Back in December 2009 when Patrick Vlaskovits and I first contemplated our Customer Development book, I was noodling around with a graphic to illustrate the integrate Dave McClure’s Pirate Metrics with Customer Development activities. I posted the graphic in a blog post which garnered lots of attention, including an important comment from Dave himself:

btw, note that AARRR isn’t exactly sequential… in fact, i’d emphasize Activation & Retention *first*, then go after Acquisition & Referral, then optimize for Revenue

Recently, I have caught a couple of my Customer Development clients optimizing the metrics in the “wrong” order, so Dave’s comment bears repeating and perhaps some expounding upon.

The Pirate Says “AARRR”


The anagram is ordered by user experience:

A – Acquisition – User is directed to your site;

A – Activation – User signs up or is otherwise engaged;

R – Retention – User keeps coming back, i.e., is engaged over time;

R – Referral – User invites others;

R – Revenue – User pays or is otherwise monetized;

This is not, however, the order in which you should optimize your product while building your business.  The order (and truly, the metrics themselves) are dependent upon your business model.

For B2C Free, Say RRAAR

lion roaringRetention – Nail engagement so that users want to or must come back;

Referral – Your business model requires massive user growth, so your product must require referrals to work or must be so cool it just happens;

Activation – Once your users are here to stay and inviting others, optimize their conversion funnel.

Acquisition – Now you’re ready to blow up acquisition.  (Good time to get investment funding.)

Revenue – Millions of users?  Time to monetize.

For B2C or B2B Freemium, Cheer RRRAA!

crowd cheeringRetention – Nail engagement so that users want to or must come back;

Revenue – If your business model requires users or businesses to pay, you need to figure out what they’ll pay for before you blow-up anything;

Referral – Since you’re likely not a true network-effects business, you optimize referral after revenue.  Optimizing referral is actually part retention, part funnel optimization.  Users are so happy they will refer others to your site or provide you testimonials or speak to the press, etc.  Not much sense in blowing up your acquisition, however, until you have that level of passion.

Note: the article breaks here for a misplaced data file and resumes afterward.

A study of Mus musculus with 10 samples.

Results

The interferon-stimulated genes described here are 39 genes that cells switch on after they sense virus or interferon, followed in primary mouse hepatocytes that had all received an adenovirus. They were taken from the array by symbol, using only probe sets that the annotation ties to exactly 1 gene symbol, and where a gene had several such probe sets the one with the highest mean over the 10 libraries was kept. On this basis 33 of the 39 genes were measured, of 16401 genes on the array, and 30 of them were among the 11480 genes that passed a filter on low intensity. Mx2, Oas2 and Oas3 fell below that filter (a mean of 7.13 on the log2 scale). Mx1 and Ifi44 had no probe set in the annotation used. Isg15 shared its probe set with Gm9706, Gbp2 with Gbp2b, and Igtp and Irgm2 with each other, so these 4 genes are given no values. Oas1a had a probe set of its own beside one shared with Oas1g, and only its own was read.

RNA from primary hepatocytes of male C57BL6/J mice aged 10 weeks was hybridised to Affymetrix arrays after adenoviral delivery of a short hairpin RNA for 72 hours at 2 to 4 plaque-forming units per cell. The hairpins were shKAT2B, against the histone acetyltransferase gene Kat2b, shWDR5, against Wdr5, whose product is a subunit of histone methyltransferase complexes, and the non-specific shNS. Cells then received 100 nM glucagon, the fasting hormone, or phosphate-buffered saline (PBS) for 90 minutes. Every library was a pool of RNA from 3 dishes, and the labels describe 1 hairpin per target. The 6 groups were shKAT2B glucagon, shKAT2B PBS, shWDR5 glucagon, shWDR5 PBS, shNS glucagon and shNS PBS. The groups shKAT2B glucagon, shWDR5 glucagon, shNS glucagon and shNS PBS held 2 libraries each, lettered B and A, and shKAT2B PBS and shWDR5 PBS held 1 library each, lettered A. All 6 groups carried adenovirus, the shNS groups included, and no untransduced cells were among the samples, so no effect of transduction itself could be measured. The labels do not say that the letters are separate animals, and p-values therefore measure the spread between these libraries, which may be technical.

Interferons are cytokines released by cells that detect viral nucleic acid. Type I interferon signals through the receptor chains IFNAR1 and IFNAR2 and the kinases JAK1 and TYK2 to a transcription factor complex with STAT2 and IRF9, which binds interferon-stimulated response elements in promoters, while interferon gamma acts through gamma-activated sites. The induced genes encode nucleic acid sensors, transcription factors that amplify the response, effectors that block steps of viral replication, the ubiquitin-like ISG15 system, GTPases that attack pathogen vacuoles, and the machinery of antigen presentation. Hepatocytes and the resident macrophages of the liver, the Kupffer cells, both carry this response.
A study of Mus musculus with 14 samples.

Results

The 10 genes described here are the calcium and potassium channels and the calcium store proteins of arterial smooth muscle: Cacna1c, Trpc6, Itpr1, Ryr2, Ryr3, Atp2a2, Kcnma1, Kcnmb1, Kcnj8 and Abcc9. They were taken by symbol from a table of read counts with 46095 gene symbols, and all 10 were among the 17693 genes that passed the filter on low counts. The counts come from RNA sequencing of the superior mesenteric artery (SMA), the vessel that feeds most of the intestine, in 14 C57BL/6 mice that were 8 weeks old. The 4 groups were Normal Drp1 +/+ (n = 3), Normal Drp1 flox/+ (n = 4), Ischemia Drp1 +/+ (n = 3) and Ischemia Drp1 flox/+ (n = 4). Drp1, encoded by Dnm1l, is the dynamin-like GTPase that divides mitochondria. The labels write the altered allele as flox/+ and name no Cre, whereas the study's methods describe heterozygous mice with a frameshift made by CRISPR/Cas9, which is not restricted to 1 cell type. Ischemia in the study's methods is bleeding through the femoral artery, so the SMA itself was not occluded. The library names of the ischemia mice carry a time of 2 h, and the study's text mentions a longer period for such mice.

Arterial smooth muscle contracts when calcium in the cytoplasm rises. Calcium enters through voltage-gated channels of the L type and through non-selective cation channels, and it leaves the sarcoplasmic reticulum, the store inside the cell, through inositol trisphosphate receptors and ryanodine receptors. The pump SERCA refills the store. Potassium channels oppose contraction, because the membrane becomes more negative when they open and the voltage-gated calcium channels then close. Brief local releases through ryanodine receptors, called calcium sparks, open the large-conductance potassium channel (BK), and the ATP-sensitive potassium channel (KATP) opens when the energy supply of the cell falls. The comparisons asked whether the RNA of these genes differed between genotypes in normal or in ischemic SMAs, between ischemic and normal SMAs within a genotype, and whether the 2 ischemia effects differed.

Activation – This refers to Blank’s “Sales and Marketing roadmap.”  Here you understand and optimize your sales funnel.

Acquisition – OK, now you can hire that PR firm.

For Enterprise B2B, Cheer an alternative RRRAA!

R – Revenue – If you’re selling to businesses the number one thing you need to prove is that someone cares enough about what you’re providing to give you money for it.

R – Referral – As above, referral in this context means that your customers are willing to sing your praises publicly.

A – Activation – In this context, activation is understanding your sales and marketing roadmap.

A – Acquisition – After you nail your sales and marketing roadmap, you’re ready to feed the top of the funnel.

R – Retention – In enterprise B2B, you often don’t have a subscription model, but may be charging annually for maintenance and support.

Note that you will always need to do some level of “acquisition” in order to figure out and optimize the other stuff.  But the point is that you’re not concentrating on or optimizing acquisition at the start.  Exact order of AARRR is debatable from one business to another, so use above as guidelines only.